Mississippi man recovers from COVID-19 after 17 days on ventilator
(AP) — Joshua Moore followed the rules.
Like many other business owners, he temporarily shut down his landscaping business and stayed home, to prevent the spread of COVID-19.
In early April, Moore just wasn’t feeling well.
With shortness of breath and stomach problems, he went to Neshoba General on April 8 and later tested positive for COVID-19, his family said.
“You feel like all your strength is gone,” Moore said. “It took me and kind of rolled me under.”
Moore, 35, of Philadelphia, is also a teacher at N.H. Pilate Middle School in Newton.
He said his only underlying health condition is high blood pressure.
Melonie Washington, one of Moore’s four older sisters, took meticulous notes of her brother’s illness.
She said the day after the trip to Neshoba General, her brother was hospitalized at Anderson Regional Medical Center.
Two days after that, he was on a ventilator.
“You can only imagine the anguish and the terror that my parents went through, not being able to see their child and communicate with him and not knowing what the next day was going to bring, but that’s where the faith comes in,” Washington said.
Washington, who was responsible for sharing news with the rest of the family, called the hospital for updates three times a day, she said.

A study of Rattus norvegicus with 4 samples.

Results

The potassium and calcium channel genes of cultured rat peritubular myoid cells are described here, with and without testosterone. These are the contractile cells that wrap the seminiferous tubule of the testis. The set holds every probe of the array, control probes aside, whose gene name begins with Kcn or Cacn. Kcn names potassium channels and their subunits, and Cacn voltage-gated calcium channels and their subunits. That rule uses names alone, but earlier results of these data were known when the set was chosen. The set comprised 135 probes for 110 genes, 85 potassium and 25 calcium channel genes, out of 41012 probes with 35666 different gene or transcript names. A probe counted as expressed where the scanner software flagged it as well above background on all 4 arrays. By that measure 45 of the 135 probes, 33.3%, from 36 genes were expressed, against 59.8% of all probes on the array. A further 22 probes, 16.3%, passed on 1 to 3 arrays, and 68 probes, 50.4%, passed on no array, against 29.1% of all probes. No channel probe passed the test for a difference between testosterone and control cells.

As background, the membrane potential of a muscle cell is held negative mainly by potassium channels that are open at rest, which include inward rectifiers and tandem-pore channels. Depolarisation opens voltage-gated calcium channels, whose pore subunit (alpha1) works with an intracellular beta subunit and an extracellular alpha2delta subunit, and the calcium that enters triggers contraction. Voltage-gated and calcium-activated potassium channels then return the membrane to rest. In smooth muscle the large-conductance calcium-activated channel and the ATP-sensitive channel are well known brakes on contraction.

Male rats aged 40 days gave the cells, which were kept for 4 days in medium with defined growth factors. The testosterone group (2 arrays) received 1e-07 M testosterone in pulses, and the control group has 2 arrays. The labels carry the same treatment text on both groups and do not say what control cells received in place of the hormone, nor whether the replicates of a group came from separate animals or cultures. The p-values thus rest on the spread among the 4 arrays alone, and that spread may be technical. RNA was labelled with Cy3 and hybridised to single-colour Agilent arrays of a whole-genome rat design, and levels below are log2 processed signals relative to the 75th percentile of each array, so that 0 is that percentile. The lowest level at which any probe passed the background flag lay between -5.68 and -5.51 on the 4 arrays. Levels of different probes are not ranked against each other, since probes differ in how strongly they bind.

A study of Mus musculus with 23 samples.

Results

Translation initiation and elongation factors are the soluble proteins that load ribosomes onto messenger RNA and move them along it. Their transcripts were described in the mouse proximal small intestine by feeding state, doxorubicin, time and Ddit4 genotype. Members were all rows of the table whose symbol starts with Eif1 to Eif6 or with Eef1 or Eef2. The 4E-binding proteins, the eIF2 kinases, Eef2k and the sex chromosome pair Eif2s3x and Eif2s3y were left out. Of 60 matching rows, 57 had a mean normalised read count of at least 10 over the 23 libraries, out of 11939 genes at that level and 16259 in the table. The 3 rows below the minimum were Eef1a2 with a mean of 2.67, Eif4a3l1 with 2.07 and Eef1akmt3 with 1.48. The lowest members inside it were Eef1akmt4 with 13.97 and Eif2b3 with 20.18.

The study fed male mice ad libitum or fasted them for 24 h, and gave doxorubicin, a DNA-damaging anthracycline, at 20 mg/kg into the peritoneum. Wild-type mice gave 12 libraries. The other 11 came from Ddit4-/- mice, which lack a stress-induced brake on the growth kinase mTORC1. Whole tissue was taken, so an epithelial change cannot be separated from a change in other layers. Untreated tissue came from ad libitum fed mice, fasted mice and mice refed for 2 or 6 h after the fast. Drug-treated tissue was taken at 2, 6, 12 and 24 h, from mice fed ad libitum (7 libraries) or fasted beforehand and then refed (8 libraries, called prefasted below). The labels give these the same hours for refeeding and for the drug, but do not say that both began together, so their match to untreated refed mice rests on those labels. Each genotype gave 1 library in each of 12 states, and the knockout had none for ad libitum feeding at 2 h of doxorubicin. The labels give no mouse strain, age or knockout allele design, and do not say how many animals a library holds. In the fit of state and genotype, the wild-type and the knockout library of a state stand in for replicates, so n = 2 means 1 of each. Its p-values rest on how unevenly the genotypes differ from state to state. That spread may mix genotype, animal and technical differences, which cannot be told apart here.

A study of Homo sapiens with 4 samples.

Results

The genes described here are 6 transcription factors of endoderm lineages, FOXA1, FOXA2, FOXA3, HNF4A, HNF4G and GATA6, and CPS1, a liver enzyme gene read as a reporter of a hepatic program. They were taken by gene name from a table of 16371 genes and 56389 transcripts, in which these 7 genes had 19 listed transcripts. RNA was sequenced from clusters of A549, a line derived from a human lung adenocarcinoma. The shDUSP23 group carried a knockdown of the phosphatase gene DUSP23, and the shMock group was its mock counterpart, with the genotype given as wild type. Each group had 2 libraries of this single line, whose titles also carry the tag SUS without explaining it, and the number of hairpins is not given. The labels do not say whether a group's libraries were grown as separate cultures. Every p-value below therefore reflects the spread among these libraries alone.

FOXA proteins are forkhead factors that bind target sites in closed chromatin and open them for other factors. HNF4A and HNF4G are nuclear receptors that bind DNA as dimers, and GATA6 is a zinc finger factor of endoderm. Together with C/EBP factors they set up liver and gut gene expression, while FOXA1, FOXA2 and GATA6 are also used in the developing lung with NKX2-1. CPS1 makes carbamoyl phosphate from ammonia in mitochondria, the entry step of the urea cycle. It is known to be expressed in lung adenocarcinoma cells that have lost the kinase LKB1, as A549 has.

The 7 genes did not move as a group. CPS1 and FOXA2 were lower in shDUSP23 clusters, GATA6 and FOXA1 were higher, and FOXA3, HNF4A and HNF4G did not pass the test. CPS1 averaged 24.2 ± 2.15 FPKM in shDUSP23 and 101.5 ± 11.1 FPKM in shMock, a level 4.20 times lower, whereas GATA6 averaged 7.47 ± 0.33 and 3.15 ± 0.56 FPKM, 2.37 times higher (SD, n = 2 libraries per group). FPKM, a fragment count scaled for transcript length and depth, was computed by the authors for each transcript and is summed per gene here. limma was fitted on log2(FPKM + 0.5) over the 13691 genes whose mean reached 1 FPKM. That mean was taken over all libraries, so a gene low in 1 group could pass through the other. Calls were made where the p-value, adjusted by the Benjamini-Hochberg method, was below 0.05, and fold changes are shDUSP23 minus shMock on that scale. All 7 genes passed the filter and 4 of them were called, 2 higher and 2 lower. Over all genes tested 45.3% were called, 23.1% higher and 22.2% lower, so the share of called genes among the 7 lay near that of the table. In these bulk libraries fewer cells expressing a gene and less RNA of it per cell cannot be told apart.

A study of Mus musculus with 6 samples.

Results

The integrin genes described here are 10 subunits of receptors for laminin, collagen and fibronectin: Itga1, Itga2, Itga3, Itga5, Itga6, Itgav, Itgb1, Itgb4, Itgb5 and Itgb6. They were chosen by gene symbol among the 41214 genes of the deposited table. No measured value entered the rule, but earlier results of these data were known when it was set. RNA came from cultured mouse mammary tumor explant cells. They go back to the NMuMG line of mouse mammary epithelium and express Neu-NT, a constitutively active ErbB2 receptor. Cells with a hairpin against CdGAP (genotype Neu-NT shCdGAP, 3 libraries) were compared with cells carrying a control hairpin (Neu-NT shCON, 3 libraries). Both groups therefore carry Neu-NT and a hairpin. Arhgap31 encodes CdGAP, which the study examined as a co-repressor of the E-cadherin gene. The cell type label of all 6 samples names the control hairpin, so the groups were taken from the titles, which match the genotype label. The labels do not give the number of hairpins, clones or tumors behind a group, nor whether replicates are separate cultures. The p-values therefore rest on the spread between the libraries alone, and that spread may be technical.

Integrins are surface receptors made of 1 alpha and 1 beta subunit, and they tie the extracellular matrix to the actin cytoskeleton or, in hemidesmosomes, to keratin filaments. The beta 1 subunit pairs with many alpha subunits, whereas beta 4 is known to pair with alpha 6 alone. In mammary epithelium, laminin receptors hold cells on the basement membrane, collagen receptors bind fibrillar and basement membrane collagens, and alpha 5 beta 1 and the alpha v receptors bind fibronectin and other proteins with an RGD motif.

It was one of the darkest times of her life.
“Very difficult time to not be able to communicate with him, not being able to see him or give him any type of encouragement, but the nurse staff there in the (Critical Care Unit) area made sure that they FaceTimed us so we could see him even when he was in the coma,” Washington said.
On April 28, 17 days after he was intubated, Moore came off the ventilator.
“We never gave up hope that he was going to come out of there alive and breathing and God heard our cries,” Washington said.
She called her brother a “walking miracle.”
“He’s young, he’s vibrant and it still affected him in a major way,” Washington said.
Moore had a greeting party waiting for him – all wearing masks – when he was discharged from Anderson on May 6, his father’s birthday.
“It’s been a journey,” he said from a facility in Philadelphia where he’s working to recover. “Getting out, you don’t know what day it is. You don’t know where your phone is.”
Moore said he’s had two negative test results for COVID-19.
He’s feeling good and is grateful, ready to get back to his life.
He hoped others would learn from his story.
“Take it serious,” Moore said. “Some people are out playing and not taking it serious and not wearing their mask and not taking precautions. They need to.”